Andrew Clapham is Professor of Public International Law at the Graduate Institute of International and Development Studies in Geneva and was the first Director of the Geneva Academy of International Humanitarian Law and Human Rights. He specialises in international human rights and has acted in several ECHR cases. He has been a special adviser on Corporate Responsibility to the United Nations (UN) High Commissioner for Human Rights, Mary Robinson, and was adviser on international humanitarian law to the UN Secretary-General’s Special Representative in Iraq, Sergio Vieira de Mello. He was the Representative of Amnesty International at the United Nations in New York from 1991-1997, and has participated as the representative of Amnesty International in numerous inter-governmental meetings as well as in Amnesty International missions to Mozambique, Rwanda, Burundi and Liberia. Andrew was involved in the case of Osman v UK before the European Court of Human Rights.

Called 1985, Andrew has a practice in international human rights and humanitarian law, international criminal law, and UN law. He has advised on cases before the European Court of Human Rights and acted as legal adviser and representative for the Government of Solomon Islands for the drafting of the Statute of the International Criminal Court (1998). He also participated as the representative of the International Commission of Jurists in the negotiations for the amendment to the Rome Statute to include the crime of aggression, and in the diplomatic conferences for an Arms Trade Treaty 2012-2013. In 2014 Andrew was nominated as an Arbitrator under the UN Law of the Sea Convention.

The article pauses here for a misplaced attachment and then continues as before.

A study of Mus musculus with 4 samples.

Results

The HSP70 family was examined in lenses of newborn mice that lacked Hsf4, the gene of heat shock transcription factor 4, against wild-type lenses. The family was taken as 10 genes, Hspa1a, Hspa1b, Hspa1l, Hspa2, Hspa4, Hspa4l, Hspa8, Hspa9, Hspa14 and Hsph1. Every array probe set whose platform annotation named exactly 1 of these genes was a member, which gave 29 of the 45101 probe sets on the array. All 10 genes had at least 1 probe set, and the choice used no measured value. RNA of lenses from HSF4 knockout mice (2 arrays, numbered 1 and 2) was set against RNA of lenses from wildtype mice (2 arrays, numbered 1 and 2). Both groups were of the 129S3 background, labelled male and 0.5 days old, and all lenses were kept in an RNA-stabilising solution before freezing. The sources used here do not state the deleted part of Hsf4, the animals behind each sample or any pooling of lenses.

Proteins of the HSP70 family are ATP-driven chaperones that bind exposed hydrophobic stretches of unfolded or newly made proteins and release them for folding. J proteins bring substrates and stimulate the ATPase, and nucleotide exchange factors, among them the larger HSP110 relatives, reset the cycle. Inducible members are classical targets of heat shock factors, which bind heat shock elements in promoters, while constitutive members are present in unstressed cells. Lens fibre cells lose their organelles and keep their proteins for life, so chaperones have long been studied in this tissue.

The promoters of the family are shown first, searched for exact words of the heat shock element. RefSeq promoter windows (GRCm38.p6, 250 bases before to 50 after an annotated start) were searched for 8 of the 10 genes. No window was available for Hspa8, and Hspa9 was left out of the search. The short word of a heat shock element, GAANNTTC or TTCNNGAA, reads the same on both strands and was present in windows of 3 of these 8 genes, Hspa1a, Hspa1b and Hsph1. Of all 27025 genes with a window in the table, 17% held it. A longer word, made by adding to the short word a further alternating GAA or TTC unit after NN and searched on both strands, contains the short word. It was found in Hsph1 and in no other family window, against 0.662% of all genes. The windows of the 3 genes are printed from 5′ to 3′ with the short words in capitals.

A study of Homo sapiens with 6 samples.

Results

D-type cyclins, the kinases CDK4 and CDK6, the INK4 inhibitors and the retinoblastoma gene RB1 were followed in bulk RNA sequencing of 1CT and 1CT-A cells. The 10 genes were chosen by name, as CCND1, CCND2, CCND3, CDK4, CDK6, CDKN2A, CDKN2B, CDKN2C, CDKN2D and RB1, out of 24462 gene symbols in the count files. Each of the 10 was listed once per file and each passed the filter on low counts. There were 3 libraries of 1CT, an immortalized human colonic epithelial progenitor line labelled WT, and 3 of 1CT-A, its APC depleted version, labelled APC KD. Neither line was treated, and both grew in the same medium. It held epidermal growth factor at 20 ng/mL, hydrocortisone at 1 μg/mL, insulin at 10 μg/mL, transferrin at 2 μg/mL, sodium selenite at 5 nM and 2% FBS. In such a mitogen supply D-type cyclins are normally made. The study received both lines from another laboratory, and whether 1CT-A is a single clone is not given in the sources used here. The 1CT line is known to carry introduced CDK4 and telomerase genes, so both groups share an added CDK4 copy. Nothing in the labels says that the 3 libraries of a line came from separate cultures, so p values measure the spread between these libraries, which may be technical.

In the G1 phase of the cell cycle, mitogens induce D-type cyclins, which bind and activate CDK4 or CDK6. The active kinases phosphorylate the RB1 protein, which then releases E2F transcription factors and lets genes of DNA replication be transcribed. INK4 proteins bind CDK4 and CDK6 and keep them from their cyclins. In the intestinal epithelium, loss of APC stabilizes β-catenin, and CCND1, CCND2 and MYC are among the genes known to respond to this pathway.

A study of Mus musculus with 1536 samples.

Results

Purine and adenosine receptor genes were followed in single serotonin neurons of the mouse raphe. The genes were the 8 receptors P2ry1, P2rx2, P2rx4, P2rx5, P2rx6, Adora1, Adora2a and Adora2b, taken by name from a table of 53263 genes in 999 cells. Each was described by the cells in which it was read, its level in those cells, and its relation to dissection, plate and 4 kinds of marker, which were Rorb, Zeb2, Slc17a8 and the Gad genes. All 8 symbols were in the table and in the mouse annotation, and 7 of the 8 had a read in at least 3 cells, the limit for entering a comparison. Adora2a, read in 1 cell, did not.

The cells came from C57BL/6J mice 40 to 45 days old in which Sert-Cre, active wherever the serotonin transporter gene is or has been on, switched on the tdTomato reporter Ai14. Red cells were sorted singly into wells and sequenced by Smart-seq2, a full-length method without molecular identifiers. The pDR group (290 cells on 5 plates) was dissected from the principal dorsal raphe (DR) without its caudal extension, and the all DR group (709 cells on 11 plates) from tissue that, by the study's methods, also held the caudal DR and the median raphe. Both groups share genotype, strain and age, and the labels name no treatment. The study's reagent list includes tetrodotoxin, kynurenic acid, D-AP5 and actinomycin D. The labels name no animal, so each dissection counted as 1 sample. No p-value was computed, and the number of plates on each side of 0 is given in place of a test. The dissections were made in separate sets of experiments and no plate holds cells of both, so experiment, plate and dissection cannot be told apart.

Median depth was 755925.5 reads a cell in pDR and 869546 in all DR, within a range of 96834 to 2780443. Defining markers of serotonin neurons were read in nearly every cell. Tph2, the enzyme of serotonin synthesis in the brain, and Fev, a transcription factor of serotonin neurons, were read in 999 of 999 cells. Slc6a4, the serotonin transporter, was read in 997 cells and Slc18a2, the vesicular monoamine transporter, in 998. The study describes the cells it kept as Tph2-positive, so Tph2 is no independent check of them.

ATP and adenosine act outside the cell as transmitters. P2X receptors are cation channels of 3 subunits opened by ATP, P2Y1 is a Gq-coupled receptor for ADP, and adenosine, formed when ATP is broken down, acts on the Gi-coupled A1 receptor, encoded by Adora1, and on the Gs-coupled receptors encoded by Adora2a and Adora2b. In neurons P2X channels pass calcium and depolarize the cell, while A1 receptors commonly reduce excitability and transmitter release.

As Professor of Public International Law at the Graduate Institute of International Studies in Geneva, Andrew teaches human rights law, humanitarian law and public international law.

He is co-author, with Susan Marks, of International Human Rights Lexicon (Oxford University Press, 2005). Another book Human Rights Obligations of Non-State Actors (Oxford University Press, 2006) examines the legal protection of human rights in situations where the threats to the enjoyment of human rights come from non-state actors rather than directly from state agents. Andrew’s latest book is a new version of Brierly’s Law of Nations: An introduction to the role of international law in international relations (Oxford University press, 2012). He is presently editing together with Professors Gaeta and Sassòli a Commentary to the Geneva Conventions of 1949 to be published by Oxford University Press in 2014.

For a list of Andrew’s other publications and his CV, click here.

Andrew accepts instructions under the Bar Council Standard Contractual Terms, details of which can be found here.